The Zebra Newsroom

The global chip shortage hits car companies hard, manufacturers look for ways to work around the bottleneck

hero image

Carmakers have been hit hard by the worldwide automotive chip shortage, with manufacturers having to temporarily pause and delay new vehicle production. Several car companies have had to close their plants due and reassess their 2021 production targets due to the shortage.    

The Semiconductor Industry Association stated the automotive chip shortage is largely due to the result of  swings in demand and increased use of chips in advanced vehicles  (the average car includes 50 to 150 chips), and mentioned that the shortage actually began in the second quarter of 2020. Chip manufacturers are already running at capacity to produce components for smartphones, personal gadgets and data centers, with car semiconductors ranking lower in priority. 

The demand for chips — or semiconductors — has soared during the pandemic as people buy game consoles, laptops, tablets and TVs to adjust to extended stay-at-home orders. Demand for personal computers  grew by 10% in 2020  and surged by 25% in Q4. Chipmakers favor supplying consumer electronics companies because the volume of their orders exceeds that of orders placed by automakers; the annual  smartphone market alone consists of more than 1 billion devices. Smartphones also require more than one chip, with 5G connectivity requiring 40% more semiconductors than older 4G devices. Automaking is also considered a lower-margin business, with manufacturers preferring to not bid on chip prices. 

General Motors announced plans to  shut down three plants and slow production at a fourth  due to the shortage, mentioning that the chip shortage could lead to the company missing its 2021 targets. Volkswagen also said it will make  100,000 fewer cars in Q1  due to the shortage, with Nissan, Subaru and Honda also cutting production. Ford also  temporarily shut down a plant  in January 2021 after  closing an SUV plant in Kentucky, predicting it would reopen in three months. Toyota predicted it would sell  one million fewer vehicles  over the course of 2021.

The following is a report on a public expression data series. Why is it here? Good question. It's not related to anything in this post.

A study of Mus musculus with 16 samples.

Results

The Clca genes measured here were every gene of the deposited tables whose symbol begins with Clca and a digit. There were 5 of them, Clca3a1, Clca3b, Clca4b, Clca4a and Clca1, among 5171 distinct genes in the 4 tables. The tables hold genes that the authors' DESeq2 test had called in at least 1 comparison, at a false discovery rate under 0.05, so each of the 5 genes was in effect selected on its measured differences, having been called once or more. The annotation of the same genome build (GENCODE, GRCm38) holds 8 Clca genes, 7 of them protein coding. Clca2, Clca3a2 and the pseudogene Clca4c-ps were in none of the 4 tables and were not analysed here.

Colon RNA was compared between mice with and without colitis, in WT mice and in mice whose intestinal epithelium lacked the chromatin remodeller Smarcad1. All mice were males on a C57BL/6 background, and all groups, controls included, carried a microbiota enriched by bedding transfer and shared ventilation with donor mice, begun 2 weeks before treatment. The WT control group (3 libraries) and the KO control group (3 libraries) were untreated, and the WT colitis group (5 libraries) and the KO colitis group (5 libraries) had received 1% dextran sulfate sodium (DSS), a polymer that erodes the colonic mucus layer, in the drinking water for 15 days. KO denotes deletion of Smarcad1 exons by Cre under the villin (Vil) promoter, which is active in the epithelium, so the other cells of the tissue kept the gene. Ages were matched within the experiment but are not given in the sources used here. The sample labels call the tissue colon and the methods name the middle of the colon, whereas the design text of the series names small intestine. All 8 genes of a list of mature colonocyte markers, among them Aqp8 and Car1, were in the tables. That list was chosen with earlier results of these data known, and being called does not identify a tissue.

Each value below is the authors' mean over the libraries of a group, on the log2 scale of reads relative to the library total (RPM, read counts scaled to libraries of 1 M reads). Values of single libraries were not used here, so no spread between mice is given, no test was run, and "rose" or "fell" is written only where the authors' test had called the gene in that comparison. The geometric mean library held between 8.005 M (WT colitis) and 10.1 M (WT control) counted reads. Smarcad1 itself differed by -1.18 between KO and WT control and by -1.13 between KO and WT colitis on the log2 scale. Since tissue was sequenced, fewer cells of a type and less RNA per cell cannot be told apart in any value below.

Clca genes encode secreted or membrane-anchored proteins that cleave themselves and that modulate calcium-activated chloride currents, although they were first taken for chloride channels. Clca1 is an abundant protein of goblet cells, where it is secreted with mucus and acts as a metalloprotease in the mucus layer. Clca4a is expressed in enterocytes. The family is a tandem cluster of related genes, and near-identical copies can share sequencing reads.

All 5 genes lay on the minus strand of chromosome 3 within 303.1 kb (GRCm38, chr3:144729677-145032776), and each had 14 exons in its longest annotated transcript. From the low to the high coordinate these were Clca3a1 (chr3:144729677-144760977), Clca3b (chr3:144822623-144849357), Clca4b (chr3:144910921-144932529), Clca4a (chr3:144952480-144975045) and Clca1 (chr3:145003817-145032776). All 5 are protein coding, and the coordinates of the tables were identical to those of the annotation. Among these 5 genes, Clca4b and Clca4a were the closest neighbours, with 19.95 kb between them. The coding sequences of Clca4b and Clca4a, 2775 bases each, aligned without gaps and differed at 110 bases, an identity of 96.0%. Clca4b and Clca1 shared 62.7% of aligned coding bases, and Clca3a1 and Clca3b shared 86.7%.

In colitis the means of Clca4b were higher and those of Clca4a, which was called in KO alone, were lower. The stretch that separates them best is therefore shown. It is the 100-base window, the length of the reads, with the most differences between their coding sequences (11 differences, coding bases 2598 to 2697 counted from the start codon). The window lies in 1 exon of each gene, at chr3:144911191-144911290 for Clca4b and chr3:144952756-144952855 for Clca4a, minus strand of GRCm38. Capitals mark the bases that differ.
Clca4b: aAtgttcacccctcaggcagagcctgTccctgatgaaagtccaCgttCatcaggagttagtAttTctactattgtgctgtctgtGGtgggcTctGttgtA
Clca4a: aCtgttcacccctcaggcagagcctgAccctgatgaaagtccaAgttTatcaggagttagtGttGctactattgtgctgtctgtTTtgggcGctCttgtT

Most manufacturers think the chip shortage will continue to impact car production into the summer, but they remain optimistic. GM is finding ways to work around the shortage by  building vehicles without certain chips and storing them  to add the parts once they arrive. Toyota also mentioned that it has remained in  constant communication with suppliers to develop its own production plan. Hyundai and BMW have noted that they  secured semiconductor inventory  and will not be affected in the near future.  Taiwan-based Semiconductor Manufacturing Company also recently announced that its chipmakers will prioritize supplies for automakers. 

Ford  found a different way to steer away from manufacturing brand new vehicles by looking to the used car market. The manufacturer  partnered with Cox Automotive’s Autotrader  and launched  Ford Blue Advantage, a digital marketplace that allows its dealers to list and sell used vehicles on a single platform. Cars certified under this new program come with 24/7 roadside assistance and FordPass reward points. 

On a temporary basis, almost every business dependent on semiconductors is being affected by the shortage. Automakers expect a trickle-down effect of the reduction in car manufacturing, especially in the  electric vehicle market  as chips are critically important to features such as assisted driving, large displays and interconnectivity capabilities.

Don't forget to share!
The Zebra

The Zebra is the nation's leading independent insurance comparison site. The Zebra compares more than 100 insurance companies and provides agent support and educational resources to ensure drivers are equipped to make the most informed decisions about their home and auto insurance.